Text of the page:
After the failure of the 1942 Dieppe raid it was obvious that new equipment was needed to breach beach defences and other fortifications. The Armoured Vehicle Royal Engineers (AVRE) was designed to fill that need. Under the expertise of armoured warfare expert Percy Hobart, development began in 1943.
“To have moulded the best two British armoured divisions of the war was an outstanding achievement, but Hobart made it a “hat trick” by his subsequent training of the specialised 79th Armoured Division, the decisive factor on D-Day.”
Having served in the Royal Engineers in World War I, Percy Hobart foresaw the predominance of tank warfare while attending the Staff College, Camberley in 1923 and volunteered for a transfer to the Royal Tank Corps. By 1934, he was brigadier of the first permanent armoured division in Britain. His views were still seen as unconventional, with an army still composed dominantly of cavalry officers and resources were hard to come by.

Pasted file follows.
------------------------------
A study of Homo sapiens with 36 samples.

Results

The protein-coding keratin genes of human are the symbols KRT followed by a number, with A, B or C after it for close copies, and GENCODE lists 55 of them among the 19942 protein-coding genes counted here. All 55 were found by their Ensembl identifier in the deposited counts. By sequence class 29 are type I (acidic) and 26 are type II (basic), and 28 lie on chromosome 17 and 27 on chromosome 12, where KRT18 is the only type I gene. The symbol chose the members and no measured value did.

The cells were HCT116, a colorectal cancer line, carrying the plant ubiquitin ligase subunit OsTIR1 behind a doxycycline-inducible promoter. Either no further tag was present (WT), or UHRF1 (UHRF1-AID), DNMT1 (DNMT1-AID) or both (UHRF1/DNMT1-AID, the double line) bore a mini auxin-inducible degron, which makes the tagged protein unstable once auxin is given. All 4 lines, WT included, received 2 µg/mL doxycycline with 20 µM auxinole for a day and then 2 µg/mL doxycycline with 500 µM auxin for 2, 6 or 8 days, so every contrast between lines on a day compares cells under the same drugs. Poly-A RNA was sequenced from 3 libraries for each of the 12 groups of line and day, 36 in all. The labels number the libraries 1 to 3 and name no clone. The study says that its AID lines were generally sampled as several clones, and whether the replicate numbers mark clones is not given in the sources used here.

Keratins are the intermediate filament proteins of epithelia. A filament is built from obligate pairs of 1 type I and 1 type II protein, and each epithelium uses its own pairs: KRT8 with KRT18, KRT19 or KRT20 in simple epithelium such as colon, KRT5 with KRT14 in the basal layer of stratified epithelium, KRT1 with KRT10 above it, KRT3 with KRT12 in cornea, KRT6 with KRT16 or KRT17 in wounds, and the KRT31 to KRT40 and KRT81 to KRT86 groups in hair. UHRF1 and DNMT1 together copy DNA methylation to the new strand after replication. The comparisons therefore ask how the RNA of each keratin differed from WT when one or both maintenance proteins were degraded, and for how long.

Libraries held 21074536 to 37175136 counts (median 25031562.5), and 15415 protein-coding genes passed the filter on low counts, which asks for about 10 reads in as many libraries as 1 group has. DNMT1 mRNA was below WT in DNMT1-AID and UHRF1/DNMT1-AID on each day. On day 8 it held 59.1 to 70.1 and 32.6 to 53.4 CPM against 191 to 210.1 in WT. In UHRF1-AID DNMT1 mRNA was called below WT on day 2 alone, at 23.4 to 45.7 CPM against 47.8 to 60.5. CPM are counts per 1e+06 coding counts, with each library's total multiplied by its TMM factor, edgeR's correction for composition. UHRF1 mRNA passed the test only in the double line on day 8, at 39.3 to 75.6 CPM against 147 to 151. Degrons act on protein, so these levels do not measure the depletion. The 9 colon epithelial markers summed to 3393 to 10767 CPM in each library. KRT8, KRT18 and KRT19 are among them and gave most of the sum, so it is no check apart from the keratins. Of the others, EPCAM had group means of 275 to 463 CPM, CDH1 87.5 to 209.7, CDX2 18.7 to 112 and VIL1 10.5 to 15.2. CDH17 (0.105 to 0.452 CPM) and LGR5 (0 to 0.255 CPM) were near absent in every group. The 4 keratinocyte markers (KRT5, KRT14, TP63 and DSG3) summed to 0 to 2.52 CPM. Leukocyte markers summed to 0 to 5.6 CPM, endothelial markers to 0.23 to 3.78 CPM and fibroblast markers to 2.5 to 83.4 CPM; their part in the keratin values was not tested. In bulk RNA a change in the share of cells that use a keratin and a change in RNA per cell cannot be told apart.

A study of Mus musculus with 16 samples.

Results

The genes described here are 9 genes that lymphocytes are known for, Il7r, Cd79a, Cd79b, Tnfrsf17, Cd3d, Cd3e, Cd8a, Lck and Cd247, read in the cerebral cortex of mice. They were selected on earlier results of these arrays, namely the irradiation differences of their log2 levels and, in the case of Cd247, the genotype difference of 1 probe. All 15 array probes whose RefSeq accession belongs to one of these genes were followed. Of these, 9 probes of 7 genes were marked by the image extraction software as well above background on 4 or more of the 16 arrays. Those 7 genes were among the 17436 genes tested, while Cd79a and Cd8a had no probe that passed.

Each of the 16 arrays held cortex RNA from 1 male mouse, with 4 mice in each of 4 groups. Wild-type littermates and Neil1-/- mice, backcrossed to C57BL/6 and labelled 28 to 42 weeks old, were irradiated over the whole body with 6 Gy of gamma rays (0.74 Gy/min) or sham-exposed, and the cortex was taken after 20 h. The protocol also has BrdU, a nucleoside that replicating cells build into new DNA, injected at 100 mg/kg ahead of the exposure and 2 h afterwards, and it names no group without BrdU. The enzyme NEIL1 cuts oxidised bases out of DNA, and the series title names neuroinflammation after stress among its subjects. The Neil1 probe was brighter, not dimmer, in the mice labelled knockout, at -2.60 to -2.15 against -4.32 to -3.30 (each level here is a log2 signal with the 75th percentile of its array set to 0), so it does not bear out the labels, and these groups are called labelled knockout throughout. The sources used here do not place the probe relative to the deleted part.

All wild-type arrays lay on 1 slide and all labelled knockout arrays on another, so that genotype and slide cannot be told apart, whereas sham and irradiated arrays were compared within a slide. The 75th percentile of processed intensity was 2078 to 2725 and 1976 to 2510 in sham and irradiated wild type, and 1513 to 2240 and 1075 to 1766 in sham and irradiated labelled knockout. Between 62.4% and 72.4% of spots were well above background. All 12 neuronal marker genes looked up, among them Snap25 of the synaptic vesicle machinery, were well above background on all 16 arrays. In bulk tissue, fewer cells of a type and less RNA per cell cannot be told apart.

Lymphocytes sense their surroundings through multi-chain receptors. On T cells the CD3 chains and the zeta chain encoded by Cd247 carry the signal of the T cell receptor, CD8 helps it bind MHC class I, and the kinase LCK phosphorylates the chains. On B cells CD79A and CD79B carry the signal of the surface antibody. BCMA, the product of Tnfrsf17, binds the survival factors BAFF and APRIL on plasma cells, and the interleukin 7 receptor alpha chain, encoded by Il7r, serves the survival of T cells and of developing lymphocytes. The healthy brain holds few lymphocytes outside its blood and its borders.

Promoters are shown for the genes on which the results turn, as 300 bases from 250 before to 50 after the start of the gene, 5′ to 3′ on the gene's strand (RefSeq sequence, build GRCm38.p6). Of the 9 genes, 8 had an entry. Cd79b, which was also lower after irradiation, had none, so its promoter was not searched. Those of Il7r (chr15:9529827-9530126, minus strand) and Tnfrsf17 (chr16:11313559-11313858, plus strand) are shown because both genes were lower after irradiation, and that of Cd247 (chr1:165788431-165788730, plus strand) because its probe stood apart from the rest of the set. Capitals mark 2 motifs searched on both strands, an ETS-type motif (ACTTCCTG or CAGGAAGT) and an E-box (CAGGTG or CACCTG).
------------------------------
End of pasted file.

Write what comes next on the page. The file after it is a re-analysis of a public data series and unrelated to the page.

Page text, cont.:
Despite achieving the rank of major general (1937), his unconventional ideas forced him into retirement in 1940. Not content to idle, Hobart joined the Local Defence Volunteers (precursor to the Home Guard) and quickly earned a reputation – swiftly becoming Deputy Area Organiser. When a newspaper article criticizing Hobart’s forced retirement made it in front of Churchill, Hobart was recalled to the army to train the 11th armoured division.
79th Armoured Division
In March 1943, Hobart’s 79th Armoured was on the verge of being disbanded, but instead was invited by Chief of the Imperial General Staff, General Sir Alan Brooke, to instead convert the division into a unit of specialized armour. Reluctant at first, Hobart sought assurance that the unit would remain operational in combat. The unit was renamed the 79th (Experimental) Armoured Division Royal Engineers, with the badge of the unit a black bull’s head on a yellow triangle – proudly displayed on each vehicle.
The majority of the specialist vehicle designs were modifications of the Churchill or Sherman, as these were available in large numbers. The Churchill was particularly favoured for its cross country performance, heavy armour and roomy interior.